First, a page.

Unless you care a jot for Carlos Brito (I don’t), then we can begin and end this week’s clipboard with the welcome news that there’ll be a Louisville Beer Week in 2020.

Friends! #LouisvilleBeerWeek has returned! It’s been a helluva year but we still want to celebrate our local beer and…

Posted by Louisville Beer Week on Monday, September 28, 2020

Friends! #LouisvilleBeerWeek has returned! It’s been a helluva year but we still want to celebrate our local beer and local breweries. Keep your eyes peeled and follow @LouisvilleBeerWeek on social for updates on special releases, happenings, and maybe a few surprises.

Note that Louisville Beer Week as configured today is not the same entity as the former Louisville Craft Beer Week. There are various reasons for the semantics of omission, among them the sheer pace of “better” beer’s local expansion, and an ongoing inability of anyone, anywhere to adequately define the word “craft.” It’s topic we obliquely considered in July.

Hip Hops: Two good beer guys on the edge, and their podcast

Call it as you will, and of course it takes more than locally-brewed beer alone to make a thriving beer scene, but just the same most non-mass market beer lovers probably agree that “breweries are the mark of a thriving community,” in the words of esteemed beer writer Jeff Alworth.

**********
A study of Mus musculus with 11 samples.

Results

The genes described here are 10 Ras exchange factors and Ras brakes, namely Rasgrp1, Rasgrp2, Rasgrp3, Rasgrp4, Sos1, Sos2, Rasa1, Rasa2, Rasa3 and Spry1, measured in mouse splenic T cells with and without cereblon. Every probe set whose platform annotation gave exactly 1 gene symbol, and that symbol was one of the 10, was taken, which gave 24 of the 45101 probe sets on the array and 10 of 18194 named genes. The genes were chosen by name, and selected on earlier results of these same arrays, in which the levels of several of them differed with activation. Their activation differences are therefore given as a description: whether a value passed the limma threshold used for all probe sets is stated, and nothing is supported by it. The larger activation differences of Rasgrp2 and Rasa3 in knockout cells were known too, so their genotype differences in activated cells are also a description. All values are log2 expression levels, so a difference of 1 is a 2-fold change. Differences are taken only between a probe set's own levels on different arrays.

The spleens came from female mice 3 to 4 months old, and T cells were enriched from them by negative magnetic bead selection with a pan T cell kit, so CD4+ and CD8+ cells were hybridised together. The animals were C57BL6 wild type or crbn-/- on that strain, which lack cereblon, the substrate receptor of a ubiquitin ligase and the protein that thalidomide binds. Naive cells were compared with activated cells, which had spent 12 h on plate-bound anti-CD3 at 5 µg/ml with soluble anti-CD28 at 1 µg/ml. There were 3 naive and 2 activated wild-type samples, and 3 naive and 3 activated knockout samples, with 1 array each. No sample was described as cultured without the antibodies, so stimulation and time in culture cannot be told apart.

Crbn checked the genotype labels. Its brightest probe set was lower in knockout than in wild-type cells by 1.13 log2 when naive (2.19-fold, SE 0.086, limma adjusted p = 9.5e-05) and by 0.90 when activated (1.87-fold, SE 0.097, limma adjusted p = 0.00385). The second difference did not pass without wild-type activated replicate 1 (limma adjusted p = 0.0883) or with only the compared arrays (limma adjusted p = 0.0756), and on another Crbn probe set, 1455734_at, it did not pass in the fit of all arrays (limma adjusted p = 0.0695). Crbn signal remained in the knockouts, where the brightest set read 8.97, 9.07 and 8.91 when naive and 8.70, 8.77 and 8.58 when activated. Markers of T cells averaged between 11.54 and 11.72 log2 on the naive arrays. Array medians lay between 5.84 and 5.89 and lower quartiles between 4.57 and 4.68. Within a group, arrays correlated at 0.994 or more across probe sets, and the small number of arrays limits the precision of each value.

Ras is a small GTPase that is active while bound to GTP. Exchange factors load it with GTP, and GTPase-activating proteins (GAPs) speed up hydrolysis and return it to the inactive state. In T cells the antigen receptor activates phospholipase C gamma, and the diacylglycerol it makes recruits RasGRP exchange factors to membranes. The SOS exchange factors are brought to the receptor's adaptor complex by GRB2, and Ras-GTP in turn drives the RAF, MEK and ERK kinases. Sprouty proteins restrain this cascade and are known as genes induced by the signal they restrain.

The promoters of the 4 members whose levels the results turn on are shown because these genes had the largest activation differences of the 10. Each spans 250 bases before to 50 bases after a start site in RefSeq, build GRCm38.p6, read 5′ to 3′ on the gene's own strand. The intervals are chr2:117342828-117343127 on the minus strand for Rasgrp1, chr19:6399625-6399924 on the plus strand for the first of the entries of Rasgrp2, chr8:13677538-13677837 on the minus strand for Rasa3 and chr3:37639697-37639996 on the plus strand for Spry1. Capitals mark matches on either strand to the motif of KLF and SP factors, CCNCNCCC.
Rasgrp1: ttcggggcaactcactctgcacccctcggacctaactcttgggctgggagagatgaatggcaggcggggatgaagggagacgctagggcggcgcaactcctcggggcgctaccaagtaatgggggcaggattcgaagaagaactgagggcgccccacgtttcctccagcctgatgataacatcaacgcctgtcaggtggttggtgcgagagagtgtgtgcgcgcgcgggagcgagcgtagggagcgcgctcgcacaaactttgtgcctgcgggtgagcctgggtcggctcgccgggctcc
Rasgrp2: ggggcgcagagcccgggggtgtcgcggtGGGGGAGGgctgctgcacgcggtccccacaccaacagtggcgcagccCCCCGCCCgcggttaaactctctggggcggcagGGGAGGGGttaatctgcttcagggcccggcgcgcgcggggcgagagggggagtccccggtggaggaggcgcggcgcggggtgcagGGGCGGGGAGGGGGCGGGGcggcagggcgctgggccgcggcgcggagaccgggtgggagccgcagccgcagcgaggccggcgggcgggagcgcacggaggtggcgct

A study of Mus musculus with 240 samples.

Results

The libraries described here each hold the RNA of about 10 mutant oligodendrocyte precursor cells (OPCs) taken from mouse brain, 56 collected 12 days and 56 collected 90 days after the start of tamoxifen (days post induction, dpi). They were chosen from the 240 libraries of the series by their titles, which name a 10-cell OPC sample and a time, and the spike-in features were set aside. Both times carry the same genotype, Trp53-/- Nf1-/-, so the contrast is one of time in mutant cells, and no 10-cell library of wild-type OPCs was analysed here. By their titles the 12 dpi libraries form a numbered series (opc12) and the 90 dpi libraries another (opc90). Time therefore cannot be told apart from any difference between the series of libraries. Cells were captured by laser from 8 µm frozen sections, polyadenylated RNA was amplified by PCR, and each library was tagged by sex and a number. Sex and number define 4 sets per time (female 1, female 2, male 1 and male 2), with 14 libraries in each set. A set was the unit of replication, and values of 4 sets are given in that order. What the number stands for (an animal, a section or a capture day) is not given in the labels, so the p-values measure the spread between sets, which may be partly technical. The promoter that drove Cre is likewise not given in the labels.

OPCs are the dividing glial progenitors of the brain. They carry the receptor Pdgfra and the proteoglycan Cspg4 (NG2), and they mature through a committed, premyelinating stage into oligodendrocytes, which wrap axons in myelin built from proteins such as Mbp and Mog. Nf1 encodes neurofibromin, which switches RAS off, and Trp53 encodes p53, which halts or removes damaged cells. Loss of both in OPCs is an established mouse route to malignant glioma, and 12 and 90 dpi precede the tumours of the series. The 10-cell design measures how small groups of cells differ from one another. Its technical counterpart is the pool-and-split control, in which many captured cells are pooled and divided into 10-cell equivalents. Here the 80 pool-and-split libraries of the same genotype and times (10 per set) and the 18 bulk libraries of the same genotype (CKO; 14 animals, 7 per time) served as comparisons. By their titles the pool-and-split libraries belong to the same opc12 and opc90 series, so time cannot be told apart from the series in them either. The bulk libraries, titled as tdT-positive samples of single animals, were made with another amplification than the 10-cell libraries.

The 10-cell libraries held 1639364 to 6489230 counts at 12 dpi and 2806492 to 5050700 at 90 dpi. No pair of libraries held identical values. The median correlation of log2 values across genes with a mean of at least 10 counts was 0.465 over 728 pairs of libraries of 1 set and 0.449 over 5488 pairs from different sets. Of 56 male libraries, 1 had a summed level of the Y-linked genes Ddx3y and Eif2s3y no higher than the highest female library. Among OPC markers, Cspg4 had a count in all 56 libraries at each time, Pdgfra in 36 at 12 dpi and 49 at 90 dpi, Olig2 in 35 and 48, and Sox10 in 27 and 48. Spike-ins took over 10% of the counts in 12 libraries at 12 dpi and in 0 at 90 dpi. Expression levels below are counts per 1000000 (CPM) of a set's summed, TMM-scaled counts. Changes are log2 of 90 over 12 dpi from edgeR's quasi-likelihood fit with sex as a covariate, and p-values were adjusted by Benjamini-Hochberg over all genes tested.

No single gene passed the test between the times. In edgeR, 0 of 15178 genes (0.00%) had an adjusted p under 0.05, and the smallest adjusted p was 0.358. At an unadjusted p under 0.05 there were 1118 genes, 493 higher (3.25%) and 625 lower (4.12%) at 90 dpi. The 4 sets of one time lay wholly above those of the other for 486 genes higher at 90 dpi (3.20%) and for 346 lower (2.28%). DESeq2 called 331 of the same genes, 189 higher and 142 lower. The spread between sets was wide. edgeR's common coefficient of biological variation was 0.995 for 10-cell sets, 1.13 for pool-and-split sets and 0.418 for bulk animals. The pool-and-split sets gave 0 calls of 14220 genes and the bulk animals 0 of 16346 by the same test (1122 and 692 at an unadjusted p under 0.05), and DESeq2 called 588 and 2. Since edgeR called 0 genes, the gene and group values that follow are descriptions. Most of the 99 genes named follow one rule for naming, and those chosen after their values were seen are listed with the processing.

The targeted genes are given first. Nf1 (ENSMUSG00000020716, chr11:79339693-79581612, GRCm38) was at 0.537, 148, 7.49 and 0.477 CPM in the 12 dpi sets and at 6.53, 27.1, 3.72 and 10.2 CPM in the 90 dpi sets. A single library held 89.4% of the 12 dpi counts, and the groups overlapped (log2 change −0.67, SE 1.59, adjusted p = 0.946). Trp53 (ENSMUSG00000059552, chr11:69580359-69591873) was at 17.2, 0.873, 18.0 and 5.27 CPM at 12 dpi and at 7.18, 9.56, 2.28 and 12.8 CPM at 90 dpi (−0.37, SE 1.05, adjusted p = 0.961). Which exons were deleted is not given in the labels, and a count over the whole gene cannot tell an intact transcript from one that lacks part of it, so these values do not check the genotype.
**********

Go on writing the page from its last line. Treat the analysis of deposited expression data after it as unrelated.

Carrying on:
“Breweries aren’t like the average industrial plant,” Alworth wrote at All About Beer in 2016.

“They are people magnets, bringing folks in who are curious to try a pint of locally made beer. In fairly short order, breweries can create little pockets of prosperity in cities that can (and often do) radiate out into the neighborhood. Pretty soon, other businesses see the bustle and consider moving in, too. It doesn’t hurt that breweries often find run-down parts of towns that have great buildings. Once a brewery moves in and refurbishes an old building, it reveals the innate promise of adjacent buildings to prospective renters.”

The very notion of “beer week” offers the food and drink community with an intriguing opportunity to incorporating a powerful promotional tool. Many such beer-themed weeks are held across America. They vary in size and scope, and range amid districts, cities and states, but conceptually, there is relative uniformity.

The idea is to educate and disseminate information about beer, and to enhance beer consciousness, with an ulterior motive of letting consumers know more about the establishments and people who make it all possible, especially now, in 2020, amid the challenges posed to us all by COVID.

As might be expected, the pieces for Louisville Beer Week 2020 are falling into place. The best way to know what’s happening is to direct your devices to the source. 

Louisville Beer Week event page at Facebook

Louisville Beer Week main Fb page

Louisville Ale Trail (LBW’s presenter) at Facebook

And if Carlos Brito’s very identity is a mystery to you, good. That’s step one toward our collective improvement.


Roger Baylor is an entrepreneur, educator, and innovator with more than 35 years of hands-on experience and expertise as a beer seller, restaurateur, and commentator. As the co-founder of New Albany’s Sportstime Pizza/Rich O’s Public House (which later became New Albanian Brewing Company) in the 1990s and early 2000s, Baylor played a seminal role in Louisville’s craft beer renaissance. Currently he is the beer director at Pints&union in New Albany. Baylor’s “Hip Hops” columns on beer-related subjects have been a fixture in F&D since 2005, and he was named the magazine’s digital editor in 2019.